A flea market bounty of art creates a lively mood throughout In With the Old: (Nearly) Six Years of Project Art Distribution, curated by Sophia Ma and Emily Janowick, at St. John’s University’s Dr. M.T. Geoffrey Yeh Art Gallery. Colorful, mostly pint-sized works populate the gallery’s walls, shelves, and floor. A mock-heroic row of imitation Statue of Liberty souvenirs — including one fabricated from rubber bands (Topher Lineberry, “Rubberbandwidth,” 2021) and another from lint (Peter Hoffmeister, “Liberty Lint,” 2021) — encapsulates the exhibition’s material variety and irreverent spirit. A plastic Starbucks cup caked in cement, Erik Sommer’s “Cement Iced Grande Soy Mocha” (2020), registers a sense of consumer alienation. Bookshelves brimming with zines and chapbooks, from small presses such as Wendy’s Subway and Cassandra Press, recall the plucky DIY atmosphere of art book fairs.
The exhibition breezily surveys the first five-plus years of Project Art Distribution, P.A.D. for short, a roving project space that collaboratively organizes one-day pop-up exhibitions on the sidewalks of New York City’s Soho. Though P.A.D.’s exhibitions ordinarily take place outdoors, exposed to the elements and the public, a sense of openness comes across in the gallery setting. The moving pads laid out on the floor, used in the pop-up sidewalk displays as a scrappy workaround to renting expensive commercial real estate, make the exhibition feel down to earth; they constitute a demotic display method that’s in keeping with the project’s relatively affordable price policy (most works in the exhibition are for sale and cost $75 or less). The artworks themselves, from Alex Schmidt’s ceramic figurines with accompanying body positivity mantras (“Follow the pleasure,” 2021; “A voyeur that you’re an exhibitionist for,” 2021) to Alison Kuo’s toy-bathtub-turned-zany-shrine (“My Favorite Thing,” 2019), remain unconcerned with received ideas about what art ought to be or do, and often manage to feel utilitarian even when they’re purely decorative.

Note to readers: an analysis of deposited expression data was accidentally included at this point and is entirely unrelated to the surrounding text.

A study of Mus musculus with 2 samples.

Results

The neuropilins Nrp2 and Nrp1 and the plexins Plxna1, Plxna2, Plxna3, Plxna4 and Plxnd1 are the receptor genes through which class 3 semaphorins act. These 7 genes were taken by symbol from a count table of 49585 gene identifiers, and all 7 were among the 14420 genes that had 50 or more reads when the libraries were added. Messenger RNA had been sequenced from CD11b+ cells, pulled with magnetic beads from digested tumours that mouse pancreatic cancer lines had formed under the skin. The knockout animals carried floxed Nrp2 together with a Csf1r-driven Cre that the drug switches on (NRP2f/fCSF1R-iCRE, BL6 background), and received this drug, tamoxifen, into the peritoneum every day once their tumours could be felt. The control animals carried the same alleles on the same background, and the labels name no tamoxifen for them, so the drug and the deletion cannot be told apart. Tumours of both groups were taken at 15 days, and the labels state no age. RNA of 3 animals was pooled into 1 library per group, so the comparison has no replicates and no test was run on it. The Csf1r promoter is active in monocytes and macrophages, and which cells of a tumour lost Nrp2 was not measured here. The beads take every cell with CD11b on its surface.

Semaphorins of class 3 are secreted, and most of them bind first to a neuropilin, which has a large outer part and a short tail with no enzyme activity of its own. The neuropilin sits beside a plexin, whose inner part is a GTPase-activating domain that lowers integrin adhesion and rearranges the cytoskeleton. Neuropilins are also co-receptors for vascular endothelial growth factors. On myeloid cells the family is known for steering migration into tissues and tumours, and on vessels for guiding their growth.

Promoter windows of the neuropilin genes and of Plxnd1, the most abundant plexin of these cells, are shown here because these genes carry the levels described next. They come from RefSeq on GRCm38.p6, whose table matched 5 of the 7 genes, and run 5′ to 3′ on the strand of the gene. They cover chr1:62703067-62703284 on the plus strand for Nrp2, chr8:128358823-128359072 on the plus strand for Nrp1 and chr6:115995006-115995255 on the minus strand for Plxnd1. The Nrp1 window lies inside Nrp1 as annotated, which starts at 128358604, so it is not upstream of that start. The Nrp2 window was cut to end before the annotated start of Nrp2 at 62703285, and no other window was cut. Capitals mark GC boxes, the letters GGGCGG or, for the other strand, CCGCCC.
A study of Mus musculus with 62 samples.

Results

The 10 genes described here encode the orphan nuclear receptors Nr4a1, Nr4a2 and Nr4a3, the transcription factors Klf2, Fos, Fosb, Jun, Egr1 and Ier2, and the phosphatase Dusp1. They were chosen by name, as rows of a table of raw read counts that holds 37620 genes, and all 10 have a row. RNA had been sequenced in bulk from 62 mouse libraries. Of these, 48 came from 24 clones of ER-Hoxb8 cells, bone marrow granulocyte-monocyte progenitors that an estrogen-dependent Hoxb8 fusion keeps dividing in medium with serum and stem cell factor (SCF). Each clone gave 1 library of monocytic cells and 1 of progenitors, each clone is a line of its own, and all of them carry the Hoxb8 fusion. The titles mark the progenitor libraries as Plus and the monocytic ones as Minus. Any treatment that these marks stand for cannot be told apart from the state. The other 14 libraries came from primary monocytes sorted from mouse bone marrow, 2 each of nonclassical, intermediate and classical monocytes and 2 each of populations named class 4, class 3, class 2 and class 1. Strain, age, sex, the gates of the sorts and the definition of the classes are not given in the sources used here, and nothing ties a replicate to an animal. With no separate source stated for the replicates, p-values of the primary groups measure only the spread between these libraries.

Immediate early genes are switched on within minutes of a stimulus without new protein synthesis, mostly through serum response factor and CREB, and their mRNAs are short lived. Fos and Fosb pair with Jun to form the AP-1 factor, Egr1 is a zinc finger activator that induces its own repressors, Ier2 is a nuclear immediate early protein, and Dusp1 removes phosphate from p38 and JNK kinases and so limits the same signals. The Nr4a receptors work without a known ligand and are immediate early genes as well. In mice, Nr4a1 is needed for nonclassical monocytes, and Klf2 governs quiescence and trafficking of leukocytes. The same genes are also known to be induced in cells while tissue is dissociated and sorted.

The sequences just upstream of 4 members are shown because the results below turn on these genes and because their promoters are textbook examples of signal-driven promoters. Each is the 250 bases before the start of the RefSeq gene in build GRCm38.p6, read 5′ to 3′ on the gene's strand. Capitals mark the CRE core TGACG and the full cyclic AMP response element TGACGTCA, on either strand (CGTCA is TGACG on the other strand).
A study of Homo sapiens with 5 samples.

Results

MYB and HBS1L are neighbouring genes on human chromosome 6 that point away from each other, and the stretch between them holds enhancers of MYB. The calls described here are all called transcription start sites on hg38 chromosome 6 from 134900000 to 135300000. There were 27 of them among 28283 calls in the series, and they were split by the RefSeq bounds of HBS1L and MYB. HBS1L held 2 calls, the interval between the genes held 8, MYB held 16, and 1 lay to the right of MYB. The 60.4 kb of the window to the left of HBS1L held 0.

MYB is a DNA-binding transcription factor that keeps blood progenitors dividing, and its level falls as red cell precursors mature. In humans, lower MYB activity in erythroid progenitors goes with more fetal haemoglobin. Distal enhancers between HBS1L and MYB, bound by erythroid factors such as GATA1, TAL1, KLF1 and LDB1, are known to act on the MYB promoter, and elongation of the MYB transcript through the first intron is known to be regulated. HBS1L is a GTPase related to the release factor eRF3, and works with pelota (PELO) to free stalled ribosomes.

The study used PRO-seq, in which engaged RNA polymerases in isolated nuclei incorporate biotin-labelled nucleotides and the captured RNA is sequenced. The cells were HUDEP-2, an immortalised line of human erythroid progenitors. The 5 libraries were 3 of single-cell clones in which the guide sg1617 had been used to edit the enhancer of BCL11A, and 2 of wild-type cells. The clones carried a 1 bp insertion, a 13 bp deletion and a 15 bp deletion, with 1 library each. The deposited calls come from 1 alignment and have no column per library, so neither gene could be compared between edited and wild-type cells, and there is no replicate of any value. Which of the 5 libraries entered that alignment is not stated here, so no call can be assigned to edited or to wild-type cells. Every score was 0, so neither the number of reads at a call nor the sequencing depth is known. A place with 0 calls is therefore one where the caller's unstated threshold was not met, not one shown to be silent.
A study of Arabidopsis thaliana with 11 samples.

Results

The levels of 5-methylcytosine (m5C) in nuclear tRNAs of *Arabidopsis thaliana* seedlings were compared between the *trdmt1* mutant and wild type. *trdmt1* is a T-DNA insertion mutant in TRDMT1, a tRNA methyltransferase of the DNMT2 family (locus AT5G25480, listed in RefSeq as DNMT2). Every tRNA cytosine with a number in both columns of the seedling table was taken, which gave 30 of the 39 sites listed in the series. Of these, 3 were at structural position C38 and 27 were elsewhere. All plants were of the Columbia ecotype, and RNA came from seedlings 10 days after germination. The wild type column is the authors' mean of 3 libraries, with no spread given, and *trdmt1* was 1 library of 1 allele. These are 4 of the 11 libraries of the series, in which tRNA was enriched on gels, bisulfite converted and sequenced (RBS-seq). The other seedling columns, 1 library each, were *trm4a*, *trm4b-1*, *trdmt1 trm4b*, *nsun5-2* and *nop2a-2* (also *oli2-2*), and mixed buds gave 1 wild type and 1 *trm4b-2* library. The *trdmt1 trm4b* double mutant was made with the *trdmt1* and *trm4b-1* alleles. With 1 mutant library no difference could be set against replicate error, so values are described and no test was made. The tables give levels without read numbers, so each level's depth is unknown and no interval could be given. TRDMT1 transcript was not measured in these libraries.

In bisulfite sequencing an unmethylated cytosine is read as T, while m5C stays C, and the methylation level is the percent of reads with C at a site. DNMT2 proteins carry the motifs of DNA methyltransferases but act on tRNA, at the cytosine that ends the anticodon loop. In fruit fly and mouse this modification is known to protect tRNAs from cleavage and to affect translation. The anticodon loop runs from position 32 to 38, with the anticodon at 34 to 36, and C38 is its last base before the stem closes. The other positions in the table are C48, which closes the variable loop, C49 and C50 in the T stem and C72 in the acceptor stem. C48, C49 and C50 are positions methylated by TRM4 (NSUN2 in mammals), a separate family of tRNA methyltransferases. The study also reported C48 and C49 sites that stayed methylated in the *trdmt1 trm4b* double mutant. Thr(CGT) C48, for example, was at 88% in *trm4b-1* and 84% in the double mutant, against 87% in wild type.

Previous versions of In With the Old were billed as retrospectives and shown at The Walters Art Museum (2021–22) and SUNY Purchase’s Richard and Dolly Maass Gallery (2022). But the “retrospective” label feels too institutional for an exhibition that, like P.A.D. itself, is temperamentally closer to a manifesto: an exuberant declaration of artistic values that defies the established order. Indeed, the Yeh Gallery’s 38-page-long checklist of artworks is so effusive that it’s practically an art book in its own right. Several well-known artist names appear on the list, which may grant the exhibition credibility in some viewers’ eyes, but questions of status and reputation feel beside the point. When it comes to the decision of whether to buy an artwork, and why, P.A.D. lowers the financial and career stakes to the point where the main questions pertain to pleasure.
The “Nearly Six Years” in the exhibition’s subtitle alludes to Lucy Lippard’s seminal 1973 book on Conceptual Art, Six Years: The Dematerialization of the Art Object. The allusion situates P.A.D. in a lineage of projects that propose — with irony or sincerity — structural alternatives to art’s hyper-commodification. David Hammons’s “Bliz-aard Ball Sale” (1983), in which the artist sold snowballs on a downtown Manhattan sidewalk, is a key historical influence, as is the 1980s leftist collective Political Art Documentation/Distribution, co-founded by Lippard and many others. P.A.D.’s playful wares and welcoming ethos continue this vital tradition, making clear how art’s means of distribution go a long way toward determining what kind of work gets made.
In With the Old: (Nearly) Six Years of Project Art Distribution continues at Dr. M.T. Geoffrey Yeh Art Gallery, St. John’s University (Sun Yat Sen Memorial Hall, St. John’s University, 8000 Utopia Parkway, Jamaica, Queens) through December 10. The exhibition was curated by Emily Janowick and Sophia Ma, with the support of Owen Duffy, Director, Yeh Art Gallery.